Recently, Karon Harden, a consultant from RTI International (a major global consulting firm with headquarters in North Carolina and Washington DC), came to Lakeland to meet with the graduate students for a two-day exploration into the Early Grade Reading Assessment and the Early Grade Reading Activity (EGRA). The assessment program has been instituted in other African countries to measure literacy levels, and the collected data show that improvements are taking place due to follow-up interventions through the subsequent Early Grade Reading Activity. All of the M.Ed. students came away impressed with Karon’s knowledge about reading programs and her experience in Africa. One thing Karon shared with the students was a rubric called The Five Ts, which is described below. I’m also happy to pass along some of what the graduate students came away with from the workshop, expressed in their own words.
The following summary was submitted by Ndamyo Mwanyongo: “One of the significant things that I learned at the RTI workshop is “The 5 Ts”. These are Time, Teaching, Text, Tongue, and Testing.
- Learners are supposed to be given more time to read so that they have a good foundation.
- Teachers should use good teaching techniques that will help learners learn to read. Activities done by teachers and learners should be well distributed so that learners practice more. Teachers succeed in this by considering some clues like: “I do,” “we do,” and “you do.” Thus, the teacher demonstrates, then does it together with the learners, then finally lets learners practice on their own.
- Learners should be given more chance to use the text for reading. They should be encouraged to read even outside the classroom.
- Learners should be allowed to express themselves, and to be assisted in their mother tongue. This helps them to understand the concept easily.
- Learners’ progress should be monitored by testing them regularly.”
Building on Ndamyo’s explanation, Michael Simawo pointed out that:
“We looked at each of [The Five Ts] in detail and related them to the situation in Malawi. We discussed how we can make sure that these five factors are considered in our literacy curriculum. It was felt Malawi needs to do more on the factors, and that we should lead the efforts to implement the factors in our respective Teacher Training Colleges, and in Malawi, in general.”
Michael and others reported that much of the discussion focused on essential early literacy components, such as phonemic awareness, alphabetic principles, vocabulary, fluency, and comprehension. The M.Ed. students were also shown video clips of teachers implementing these techniques. Bertha Singini told me that she learned a lot from watching and discussing the video clips. Their task was to identify and talk about each “real” lesson and to think about what was working for the teacher and why. What was the teacher in the clip doing that led to success?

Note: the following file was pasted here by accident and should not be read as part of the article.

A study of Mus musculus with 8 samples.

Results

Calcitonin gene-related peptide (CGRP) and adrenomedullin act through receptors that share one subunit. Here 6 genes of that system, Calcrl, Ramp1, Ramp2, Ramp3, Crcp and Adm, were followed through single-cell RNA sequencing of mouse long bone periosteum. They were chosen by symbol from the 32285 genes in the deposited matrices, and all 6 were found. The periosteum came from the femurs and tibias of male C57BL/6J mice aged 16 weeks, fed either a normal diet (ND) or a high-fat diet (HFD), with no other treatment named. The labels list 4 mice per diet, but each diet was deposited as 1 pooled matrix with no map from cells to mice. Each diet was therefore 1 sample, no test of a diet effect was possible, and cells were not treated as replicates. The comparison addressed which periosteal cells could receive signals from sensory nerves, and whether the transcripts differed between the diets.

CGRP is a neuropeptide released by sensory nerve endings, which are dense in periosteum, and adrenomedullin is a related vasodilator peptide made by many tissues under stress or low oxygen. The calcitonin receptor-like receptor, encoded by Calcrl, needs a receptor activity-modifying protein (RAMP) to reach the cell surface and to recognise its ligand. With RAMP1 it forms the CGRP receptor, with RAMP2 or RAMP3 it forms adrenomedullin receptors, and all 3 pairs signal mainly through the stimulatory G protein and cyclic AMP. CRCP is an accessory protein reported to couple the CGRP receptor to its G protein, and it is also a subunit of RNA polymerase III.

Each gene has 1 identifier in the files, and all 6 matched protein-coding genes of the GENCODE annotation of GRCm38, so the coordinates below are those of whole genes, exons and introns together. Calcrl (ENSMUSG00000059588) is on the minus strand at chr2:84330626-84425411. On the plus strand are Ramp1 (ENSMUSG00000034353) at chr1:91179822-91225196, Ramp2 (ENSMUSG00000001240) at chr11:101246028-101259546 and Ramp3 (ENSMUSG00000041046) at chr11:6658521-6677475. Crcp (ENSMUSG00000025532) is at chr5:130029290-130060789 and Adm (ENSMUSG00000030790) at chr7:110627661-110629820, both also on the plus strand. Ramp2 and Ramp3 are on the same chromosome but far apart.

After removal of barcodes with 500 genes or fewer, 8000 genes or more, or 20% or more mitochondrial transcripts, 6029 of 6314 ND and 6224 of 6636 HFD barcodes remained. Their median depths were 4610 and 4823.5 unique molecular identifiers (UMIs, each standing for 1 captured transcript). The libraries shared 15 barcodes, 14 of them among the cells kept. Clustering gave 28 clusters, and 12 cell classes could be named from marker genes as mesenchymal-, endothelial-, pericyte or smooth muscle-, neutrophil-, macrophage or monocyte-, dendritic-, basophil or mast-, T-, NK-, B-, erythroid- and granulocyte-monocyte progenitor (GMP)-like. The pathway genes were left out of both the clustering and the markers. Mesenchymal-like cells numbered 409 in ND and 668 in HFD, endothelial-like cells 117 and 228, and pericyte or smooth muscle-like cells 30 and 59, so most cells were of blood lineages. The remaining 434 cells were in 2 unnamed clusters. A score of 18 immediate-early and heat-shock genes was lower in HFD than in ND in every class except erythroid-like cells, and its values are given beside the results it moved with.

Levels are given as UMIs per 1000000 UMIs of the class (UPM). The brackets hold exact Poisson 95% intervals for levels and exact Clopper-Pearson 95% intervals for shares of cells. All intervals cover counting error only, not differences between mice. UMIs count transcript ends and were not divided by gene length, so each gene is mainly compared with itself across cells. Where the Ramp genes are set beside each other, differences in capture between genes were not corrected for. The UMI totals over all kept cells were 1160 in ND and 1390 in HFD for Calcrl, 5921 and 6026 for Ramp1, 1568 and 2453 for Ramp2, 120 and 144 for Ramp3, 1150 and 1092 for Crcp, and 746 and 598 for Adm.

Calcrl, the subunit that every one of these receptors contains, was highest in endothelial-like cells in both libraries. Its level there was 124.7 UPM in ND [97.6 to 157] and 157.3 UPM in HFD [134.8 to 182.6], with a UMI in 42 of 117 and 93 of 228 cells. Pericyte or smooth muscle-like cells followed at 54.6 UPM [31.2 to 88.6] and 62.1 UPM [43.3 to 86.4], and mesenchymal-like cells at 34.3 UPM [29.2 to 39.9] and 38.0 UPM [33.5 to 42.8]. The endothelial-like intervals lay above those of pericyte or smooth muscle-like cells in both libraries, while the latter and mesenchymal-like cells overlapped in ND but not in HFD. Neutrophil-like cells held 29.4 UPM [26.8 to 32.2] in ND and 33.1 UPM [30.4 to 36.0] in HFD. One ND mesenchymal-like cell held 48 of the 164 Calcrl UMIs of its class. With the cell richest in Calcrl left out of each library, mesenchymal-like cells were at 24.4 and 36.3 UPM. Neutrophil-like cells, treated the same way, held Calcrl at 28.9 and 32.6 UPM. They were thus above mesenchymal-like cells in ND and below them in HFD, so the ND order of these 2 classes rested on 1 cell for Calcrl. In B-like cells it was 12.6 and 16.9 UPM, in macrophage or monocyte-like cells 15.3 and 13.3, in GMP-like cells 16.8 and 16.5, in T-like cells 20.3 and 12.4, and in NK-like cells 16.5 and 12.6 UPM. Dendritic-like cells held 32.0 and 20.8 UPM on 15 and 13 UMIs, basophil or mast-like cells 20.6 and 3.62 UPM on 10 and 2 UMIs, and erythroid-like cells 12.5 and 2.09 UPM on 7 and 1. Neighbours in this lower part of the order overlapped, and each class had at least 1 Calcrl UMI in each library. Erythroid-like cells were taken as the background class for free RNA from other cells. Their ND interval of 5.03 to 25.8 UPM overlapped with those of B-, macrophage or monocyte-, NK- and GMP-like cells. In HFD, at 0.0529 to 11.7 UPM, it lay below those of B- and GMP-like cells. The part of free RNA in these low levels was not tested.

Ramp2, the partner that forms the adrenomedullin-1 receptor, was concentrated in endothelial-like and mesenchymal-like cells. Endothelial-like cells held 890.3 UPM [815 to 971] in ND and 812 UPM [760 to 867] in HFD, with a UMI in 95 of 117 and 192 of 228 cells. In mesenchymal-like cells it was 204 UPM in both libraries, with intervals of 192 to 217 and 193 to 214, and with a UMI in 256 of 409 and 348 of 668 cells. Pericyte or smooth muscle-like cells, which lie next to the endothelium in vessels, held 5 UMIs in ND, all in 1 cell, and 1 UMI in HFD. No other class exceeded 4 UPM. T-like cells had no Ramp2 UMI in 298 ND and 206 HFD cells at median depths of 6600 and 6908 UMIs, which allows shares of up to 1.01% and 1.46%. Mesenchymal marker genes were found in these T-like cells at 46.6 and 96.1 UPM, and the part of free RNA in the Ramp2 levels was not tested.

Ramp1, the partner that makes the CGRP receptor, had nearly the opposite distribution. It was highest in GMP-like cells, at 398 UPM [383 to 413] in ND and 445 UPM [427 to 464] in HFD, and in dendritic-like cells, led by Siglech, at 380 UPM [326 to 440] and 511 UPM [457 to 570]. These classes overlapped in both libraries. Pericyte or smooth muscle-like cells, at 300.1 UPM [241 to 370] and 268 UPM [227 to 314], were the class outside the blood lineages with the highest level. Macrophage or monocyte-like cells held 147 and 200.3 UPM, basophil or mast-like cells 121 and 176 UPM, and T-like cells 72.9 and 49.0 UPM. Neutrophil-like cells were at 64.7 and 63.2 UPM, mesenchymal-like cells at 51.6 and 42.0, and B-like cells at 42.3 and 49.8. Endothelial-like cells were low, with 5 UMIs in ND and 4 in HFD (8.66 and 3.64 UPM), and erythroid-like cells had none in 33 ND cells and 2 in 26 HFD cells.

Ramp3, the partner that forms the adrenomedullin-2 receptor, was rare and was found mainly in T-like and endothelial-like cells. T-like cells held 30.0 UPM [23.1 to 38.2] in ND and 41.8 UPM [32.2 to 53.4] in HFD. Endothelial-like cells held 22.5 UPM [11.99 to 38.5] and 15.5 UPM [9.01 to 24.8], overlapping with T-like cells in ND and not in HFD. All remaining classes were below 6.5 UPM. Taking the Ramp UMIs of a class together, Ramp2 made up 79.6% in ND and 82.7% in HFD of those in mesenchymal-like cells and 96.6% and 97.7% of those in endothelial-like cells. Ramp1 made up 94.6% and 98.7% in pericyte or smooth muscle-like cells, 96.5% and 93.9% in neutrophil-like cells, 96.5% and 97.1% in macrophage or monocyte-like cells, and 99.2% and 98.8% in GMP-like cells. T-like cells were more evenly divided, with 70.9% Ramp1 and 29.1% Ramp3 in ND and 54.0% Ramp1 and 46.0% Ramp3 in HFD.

From Elias Lyson: “On the second day, we worked in groups listing challenges affecting education in Malawi. What interested me and is really a good lesson to me is how we can work with the Malawian government…to change some of its education policies that are impeding education per se. I really feel that this is indeed our responsibility to lobby with [our government officials] to have at least good political will towards improvement of our education [system]…[Karon] inspired us to keep on learning.”
From Elymas Tembwe: “We also discussed the challenges that we face in Malawi with early grade reading which include large classes; lack of teaching, learning and assessment resources; lack of monitoring and evaluation systems; and insufficient time to train teachers. We [discussed] how we can put our Lakeland College expertise to use when we go back to Malawi. Some of these actions are: to stay abreast of best practices, to use critical thinking, [and to employ] research and data-based decision making, to mention just a few. [The two-days with Karon Harden were] REALLY WONDERFUL”
Benjamin David, when looking at the challenges ahead, created a list of things he would like to do when he returns home. He wrote:
1. Consider what to do in the curriculum, like giving reading more time in the early grades.
2. Emphasize the best practices of teaching reading in Teacher Training Colleges, such as full courses in phonemic awareness, phonics, vocabulary, fluency and comprehension.
3. Give the teachers efficient knowledge and enough practice on the way reading should be taught in early grades.
4. Guide the Ministry to initiate effective monitoring and evaluation systems that will reinforce trainers' efforts in improving teachers' work in the schools.
5. Find mechanisms and strategies of dealing with teaching and learning problems that arise due to large classes.
6. Find research-based methods that can help to improve teaching in elementary grades.
Through their Lakeland classes, their interactions with Wisconsin teachers, and workshops like this one with Karon Harden, the Malawian graduate students continue to build on the knowledge and skills they will use as reading specialists in Malawi.